Written by Lori Thiessen
When coffee was first marketed to late 17th century English potential consumers, it was touted as a healthy elixir guaranteed to cure or prevent everything from headaches, consumption, coughs, dropsy, gout, scurvy, scrofula, miscarriages, diseases of the spleen, gas and other digestive problems to nervous disorders.
Sound like a likely story?
Modern medicine has taken another look at coffee and found that these early claims may contain some proof of the efficacious qualities of the black brew. There have been some reports that coffee will, indeed, help you with your gout. Some studies have shown early indications that coffee will reduce your risk of Type 2 diabetes, memory loss in women, as well as lowering your risk of heart disease and some cancers. In fact, drinking moderate amounts of coffee daily (2-5 cups) can help you with your nervous disorders (e.g. depression). But some studies are showing that some people handle coffee better than others.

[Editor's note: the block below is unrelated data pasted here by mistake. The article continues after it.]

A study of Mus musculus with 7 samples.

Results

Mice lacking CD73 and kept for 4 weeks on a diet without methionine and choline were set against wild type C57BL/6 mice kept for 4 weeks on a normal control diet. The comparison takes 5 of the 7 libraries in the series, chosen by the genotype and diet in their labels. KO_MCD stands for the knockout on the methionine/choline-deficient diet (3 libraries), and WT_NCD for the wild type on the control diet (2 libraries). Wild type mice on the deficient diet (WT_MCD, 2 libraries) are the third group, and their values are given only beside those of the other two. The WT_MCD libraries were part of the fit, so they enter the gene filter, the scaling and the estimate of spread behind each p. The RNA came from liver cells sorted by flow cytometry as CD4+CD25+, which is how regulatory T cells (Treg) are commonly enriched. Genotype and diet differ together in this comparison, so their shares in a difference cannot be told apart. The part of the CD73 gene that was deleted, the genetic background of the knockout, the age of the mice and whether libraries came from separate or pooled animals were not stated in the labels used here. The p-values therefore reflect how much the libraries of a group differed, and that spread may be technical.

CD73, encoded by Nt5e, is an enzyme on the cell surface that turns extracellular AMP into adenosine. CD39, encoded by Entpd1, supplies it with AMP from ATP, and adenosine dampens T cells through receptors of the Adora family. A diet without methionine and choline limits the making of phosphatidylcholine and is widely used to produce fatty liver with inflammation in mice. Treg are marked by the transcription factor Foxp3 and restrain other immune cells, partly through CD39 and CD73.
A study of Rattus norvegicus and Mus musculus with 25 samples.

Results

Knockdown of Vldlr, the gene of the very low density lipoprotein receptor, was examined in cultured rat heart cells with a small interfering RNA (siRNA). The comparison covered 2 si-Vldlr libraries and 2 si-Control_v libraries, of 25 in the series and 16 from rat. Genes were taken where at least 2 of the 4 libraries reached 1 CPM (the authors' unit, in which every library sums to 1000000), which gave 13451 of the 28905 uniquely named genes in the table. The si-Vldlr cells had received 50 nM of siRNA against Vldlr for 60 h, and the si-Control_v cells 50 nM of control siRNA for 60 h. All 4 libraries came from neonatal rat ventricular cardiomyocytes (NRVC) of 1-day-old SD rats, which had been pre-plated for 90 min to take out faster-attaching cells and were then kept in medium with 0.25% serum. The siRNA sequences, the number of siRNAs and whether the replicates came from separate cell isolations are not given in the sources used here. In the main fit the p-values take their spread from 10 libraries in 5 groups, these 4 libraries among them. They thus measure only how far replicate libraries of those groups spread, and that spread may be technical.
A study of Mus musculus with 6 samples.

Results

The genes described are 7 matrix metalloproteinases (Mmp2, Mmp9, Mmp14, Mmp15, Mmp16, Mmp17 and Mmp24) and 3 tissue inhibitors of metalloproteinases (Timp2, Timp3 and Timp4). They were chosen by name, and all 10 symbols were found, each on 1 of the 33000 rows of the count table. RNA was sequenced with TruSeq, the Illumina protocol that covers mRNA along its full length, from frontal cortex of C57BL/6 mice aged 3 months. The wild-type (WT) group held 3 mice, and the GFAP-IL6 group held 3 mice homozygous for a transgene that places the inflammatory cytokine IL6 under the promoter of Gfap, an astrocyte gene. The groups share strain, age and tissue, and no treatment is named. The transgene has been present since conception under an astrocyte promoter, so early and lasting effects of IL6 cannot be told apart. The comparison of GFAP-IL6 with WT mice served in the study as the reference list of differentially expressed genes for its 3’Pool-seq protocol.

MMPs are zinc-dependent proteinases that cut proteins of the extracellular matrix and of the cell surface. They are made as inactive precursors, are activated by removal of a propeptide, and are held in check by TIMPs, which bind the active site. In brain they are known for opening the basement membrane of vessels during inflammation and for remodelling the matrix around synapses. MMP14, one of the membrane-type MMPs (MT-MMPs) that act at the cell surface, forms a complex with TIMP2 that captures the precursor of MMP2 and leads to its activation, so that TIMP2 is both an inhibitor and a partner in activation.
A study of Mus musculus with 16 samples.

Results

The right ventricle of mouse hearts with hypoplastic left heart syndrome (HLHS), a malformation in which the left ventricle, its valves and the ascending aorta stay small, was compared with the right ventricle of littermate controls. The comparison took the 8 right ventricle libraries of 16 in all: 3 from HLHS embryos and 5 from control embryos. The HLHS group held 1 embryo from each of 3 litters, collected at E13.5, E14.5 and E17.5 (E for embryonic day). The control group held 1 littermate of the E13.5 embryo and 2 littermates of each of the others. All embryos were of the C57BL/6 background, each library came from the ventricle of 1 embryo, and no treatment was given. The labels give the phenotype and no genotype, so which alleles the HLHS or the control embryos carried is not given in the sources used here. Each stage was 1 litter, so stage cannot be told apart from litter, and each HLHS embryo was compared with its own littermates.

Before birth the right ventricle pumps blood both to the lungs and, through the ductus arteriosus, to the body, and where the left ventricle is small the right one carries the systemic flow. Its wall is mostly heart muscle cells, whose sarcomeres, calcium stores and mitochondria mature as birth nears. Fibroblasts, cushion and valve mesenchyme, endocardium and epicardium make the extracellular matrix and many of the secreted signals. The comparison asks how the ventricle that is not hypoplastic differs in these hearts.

But before you get too excited about ordering a double shot espresso, be advised that the medical community is still mulling over the information. The Harvard Medical School released news that coffee is okay in small doses over the entire day. The ill effects of coffee like nervousness, heart palpitations, and increased blood pressure comes from drinking gallons of the stuff.
So go ahead and have that cup of coffee just be sure to have an apple with it too!
Until Next Time,
May your coffee always be freshly brewed!